Apps for exhibition in the old belfry in Myszyniec.
The heart of Kurpie, Myszyniec. We have implemented applications for the multimedia exhibition in the old belfry at the basilica in Myszyniec.
The exhibition shows the culture and crafts of Kurpie.
Scope of work:
- concept of apps
- graphic design
The name “Kurpie” comes from clogs woven from bast, worn by the people of the Green Wilderness. It appeared for the first time in the 18th century, when the Mazovian and Podlachia nobility settlers began to call people from the Wilderness “Kurp”, “Kurpś”.
In the Polish countryside, weaving was a seasonal, common, and cultivated thing to do by women. This skill was passed down from generation to generation.
Looms and a spinning wheel were a necessary element of every household’s equipment. Over time, at the end of the 19th century, weaving became so profitable that the income from it formed the basis of taxes.
Honey hunting or obtaining honey from wild beehives was the main occupation of the settlers of the Kurpiowska Forest; it is even said that it was a land of honey. Honey hunting required a lot of skill and courage because it was associated with a several-week trip deep into the forest and the threat of, among others crossing paths with bears.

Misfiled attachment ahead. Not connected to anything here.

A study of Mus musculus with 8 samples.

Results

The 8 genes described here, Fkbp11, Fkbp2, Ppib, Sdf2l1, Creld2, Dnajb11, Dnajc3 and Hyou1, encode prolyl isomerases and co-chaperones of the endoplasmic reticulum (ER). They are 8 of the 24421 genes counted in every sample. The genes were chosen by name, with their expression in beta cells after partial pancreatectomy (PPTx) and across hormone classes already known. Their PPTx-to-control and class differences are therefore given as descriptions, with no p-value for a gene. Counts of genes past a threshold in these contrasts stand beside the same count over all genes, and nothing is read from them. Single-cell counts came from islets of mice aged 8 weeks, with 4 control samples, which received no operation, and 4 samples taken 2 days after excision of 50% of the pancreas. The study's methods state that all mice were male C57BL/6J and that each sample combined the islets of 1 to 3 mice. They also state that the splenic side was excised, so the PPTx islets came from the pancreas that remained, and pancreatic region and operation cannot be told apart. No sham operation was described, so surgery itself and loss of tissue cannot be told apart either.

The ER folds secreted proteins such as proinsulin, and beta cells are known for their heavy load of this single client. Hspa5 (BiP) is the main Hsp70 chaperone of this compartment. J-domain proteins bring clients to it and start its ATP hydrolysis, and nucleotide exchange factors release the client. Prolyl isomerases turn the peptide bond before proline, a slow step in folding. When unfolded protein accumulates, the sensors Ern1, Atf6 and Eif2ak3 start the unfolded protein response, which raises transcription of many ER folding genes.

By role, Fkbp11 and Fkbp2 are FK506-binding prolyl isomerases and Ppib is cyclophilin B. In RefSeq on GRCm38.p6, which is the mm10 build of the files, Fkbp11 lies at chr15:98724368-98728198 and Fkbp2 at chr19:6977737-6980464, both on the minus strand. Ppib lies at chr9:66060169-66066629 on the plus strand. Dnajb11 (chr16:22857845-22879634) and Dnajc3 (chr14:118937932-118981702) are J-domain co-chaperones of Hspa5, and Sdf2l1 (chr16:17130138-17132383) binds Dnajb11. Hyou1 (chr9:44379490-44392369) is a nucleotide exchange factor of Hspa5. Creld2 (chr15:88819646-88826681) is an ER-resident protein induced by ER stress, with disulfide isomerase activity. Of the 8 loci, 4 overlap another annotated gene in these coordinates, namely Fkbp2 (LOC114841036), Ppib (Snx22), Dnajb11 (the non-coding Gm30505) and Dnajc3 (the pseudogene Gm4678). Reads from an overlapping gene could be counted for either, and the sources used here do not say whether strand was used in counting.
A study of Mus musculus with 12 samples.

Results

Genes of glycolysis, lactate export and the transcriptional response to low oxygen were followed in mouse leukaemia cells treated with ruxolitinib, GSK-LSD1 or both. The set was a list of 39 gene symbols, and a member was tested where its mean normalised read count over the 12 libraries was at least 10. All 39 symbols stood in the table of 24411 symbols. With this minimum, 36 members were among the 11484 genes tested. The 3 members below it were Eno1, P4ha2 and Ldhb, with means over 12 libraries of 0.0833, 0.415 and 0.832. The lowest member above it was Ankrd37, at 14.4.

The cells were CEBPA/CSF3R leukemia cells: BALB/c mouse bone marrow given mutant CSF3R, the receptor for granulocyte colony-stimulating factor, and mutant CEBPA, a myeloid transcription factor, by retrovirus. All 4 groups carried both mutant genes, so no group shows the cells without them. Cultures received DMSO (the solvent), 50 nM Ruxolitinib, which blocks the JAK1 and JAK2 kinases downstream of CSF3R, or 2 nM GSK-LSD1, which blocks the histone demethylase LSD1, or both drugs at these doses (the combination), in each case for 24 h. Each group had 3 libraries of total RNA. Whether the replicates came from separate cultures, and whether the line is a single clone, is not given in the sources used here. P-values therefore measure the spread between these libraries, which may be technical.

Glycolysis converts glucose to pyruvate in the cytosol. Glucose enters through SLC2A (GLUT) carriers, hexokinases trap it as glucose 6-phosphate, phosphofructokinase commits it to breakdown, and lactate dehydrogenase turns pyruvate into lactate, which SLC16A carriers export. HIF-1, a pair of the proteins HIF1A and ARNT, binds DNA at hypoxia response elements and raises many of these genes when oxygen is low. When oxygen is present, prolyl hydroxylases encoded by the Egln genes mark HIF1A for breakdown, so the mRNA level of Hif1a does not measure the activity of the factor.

The history of amber crafting in Kurpie dates back to the 18th century.
Since the entire Narew River basin was associated with the amber industry from around the 15th century, a local dictionary was created around.
In the Mały słownik odmian bursztynu polskiego by Adam Chętnik we will find about 80 names of amber.
Traditional Kurpian costume
Traditional Kurpian costume combines the beauty and history of this region.
The form and colors of the Kurpian costume resulted from the honey hunting traditions of the region. The colors of the forest dominated in men’s costumes – mottled gray, brown, burgundy. Women’s costume was more colorful – multicolored skirts with a predominance of red, colorful or white aprons, shirts with colorful embroidery – all hand-woven and sewn.